What you need to know
- A new report says that the DOJ is almost done preparing its antitrust case against Google.
- William Barr has apparently been pushing to have the case finalized by the end of September.
- Google, Amazon, Facebook, and Apple were all questioned during an antitrust hearing in late-July.
This year has been filled with a lot of concern over antitrust issues with big tech companies, with one of the primary targets being Google. According to a new report from The New York Times, the United States Department of Justice is getting ready to issue its official antitrust case against it.
It's being reported that the antitrust case could be brought to Google's attention as soon as the end of September, with Attorney General William Barr pushing to have the case finalized as soon as possible.
Per the report:
The U.S. government issuing an antitrust case against one of the largest tech brands on the planet is a big deal, so why the rush to get it out there as soon as possible if lawyers say they need more time? As suggested by The New York Times, it could be a tactical move for the Trump Administration as one final hoorah before the election this November.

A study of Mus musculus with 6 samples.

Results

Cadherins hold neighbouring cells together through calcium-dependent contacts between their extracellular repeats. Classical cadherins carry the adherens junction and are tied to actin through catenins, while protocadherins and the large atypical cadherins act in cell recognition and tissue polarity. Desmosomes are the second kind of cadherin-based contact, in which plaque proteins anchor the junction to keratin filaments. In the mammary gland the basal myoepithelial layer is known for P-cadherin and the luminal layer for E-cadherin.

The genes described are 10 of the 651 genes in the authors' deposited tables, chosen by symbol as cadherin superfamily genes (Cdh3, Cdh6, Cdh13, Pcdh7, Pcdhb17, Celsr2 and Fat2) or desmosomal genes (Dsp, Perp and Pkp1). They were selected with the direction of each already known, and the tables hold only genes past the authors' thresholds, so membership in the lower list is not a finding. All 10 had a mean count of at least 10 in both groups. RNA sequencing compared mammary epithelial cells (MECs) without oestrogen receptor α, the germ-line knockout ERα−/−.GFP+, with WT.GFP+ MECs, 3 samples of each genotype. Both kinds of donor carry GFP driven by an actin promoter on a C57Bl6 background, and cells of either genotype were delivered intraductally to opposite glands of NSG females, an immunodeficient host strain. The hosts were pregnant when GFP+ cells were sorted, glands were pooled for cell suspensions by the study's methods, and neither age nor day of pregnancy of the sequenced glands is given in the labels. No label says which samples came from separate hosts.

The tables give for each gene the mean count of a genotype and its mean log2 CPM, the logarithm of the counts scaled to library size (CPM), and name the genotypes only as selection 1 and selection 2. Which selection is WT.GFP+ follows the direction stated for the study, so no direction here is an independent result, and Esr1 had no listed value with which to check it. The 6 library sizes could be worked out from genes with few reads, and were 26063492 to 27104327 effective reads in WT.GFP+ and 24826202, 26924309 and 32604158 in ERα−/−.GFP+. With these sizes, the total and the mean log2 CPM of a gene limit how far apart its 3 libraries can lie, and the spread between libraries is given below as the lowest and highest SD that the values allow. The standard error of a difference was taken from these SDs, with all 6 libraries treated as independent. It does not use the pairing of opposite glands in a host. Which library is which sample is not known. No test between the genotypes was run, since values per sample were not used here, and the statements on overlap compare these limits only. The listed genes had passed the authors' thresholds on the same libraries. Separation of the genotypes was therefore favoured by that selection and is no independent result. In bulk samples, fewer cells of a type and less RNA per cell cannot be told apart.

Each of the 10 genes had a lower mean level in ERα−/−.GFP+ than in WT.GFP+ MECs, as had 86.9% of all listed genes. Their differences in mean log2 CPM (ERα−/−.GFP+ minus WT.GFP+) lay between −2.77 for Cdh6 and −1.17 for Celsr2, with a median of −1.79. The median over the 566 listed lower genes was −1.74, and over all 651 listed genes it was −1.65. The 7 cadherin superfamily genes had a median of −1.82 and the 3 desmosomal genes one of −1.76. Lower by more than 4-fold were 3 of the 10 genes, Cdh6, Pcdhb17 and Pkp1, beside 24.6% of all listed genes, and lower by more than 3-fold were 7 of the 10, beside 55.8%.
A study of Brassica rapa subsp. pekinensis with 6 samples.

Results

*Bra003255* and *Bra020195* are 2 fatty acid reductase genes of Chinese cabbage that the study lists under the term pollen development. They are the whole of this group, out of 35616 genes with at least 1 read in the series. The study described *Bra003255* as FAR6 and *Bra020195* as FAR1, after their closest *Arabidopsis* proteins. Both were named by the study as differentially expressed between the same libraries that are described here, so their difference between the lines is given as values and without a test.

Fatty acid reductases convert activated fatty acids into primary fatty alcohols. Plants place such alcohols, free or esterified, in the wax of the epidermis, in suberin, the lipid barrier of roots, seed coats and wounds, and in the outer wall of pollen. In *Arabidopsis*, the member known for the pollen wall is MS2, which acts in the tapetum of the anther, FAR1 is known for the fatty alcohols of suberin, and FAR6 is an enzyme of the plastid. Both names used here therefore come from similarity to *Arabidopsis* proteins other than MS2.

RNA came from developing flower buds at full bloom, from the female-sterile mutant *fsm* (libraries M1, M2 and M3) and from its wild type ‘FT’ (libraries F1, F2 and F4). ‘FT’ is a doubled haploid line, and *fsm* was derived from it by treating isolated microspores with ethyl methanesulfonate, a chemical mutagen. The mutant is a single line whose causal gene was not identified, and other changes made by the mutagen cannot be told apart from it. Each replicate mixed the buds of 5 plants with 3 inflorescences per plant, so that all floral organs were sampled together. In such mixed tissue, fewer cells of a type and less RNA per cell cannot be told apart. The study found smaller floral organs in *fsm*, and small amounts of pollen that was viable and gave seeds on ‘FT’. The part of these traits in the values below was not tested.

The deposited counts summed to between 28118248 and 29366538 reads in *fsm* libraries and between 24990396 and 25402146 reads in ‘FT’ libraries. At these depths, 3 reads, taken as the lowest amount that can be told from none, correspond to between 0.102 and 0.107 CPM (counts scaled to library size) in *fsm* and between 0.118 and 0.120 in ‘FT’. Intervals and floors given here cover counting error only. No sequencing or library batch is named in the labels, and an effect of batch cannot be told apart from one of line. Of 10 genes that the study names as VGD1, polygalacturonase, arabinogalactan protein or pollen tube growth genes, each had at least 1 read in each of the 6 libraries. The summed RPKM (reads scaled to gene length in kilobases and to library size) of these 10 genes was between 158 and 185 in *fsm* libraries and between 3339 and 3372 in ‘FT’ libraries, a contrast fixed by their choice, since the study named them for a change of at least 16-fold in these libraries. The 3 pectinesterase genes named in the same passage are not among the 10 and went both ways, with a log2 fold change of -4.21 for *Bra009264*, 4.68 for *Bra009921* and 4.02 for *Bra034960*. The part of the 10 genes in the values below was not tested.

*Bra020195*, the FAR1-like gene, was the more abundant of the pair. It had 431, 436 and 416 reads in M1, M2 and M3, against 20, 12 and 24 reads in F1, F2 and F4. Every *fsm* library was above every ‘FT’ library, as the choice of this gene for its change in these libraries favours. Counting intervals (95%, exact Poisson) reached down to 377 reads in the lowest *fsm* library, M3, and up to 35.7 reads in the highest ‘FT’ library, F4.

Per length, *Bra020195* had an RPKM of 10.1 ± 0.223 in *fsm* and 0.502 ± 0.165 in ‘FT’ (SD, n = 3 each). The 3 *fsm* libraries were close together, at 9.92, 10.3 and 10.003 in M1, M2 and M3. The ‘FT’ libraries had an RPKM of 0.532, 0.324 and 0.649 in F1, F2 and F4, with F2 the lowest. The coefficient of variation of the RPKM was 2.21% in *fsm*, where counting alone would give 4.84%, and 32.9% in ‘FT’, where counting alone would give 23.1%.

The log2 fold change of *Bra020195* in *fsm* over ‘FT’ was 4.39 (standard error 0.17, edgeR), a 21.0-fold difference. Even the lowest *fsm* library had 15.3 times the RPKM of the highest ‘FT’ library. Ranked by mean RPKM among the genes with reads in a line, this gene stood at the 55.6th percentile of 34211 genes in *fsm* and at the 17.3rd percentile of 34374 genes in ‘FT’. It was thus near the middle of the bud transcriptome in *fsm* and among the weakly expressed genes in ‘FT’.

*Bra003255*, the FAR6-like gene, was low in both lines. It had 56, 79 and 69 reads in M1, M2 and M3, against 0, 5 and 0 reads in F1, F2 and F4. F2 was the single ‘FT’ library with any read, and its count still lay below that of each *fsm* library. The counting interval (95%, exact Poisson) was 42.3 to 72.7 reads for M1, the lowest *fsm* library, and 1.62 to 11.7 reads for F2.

Antitrust concerns around Google and other companies is something shared by Democrats and Republicans alike, so if the DOJ can get its case brought against Google ASAP, that gives Trump a good look leading up to November 3.
You can argue that's a smart move on the administration's part, but when looking just at the case, it could result in some trouble. As noted by the report:
Google CEO Sundar Pichai was joined by CEOs from Amazon, Apple, and Facebook on July 29 for a massive antitrust hearing regarding all four companies. There's clearly a lot of uncertainty within the government around the power and influence these brands have, so it'll be interesting to see how this case plays out and how Google responds to it.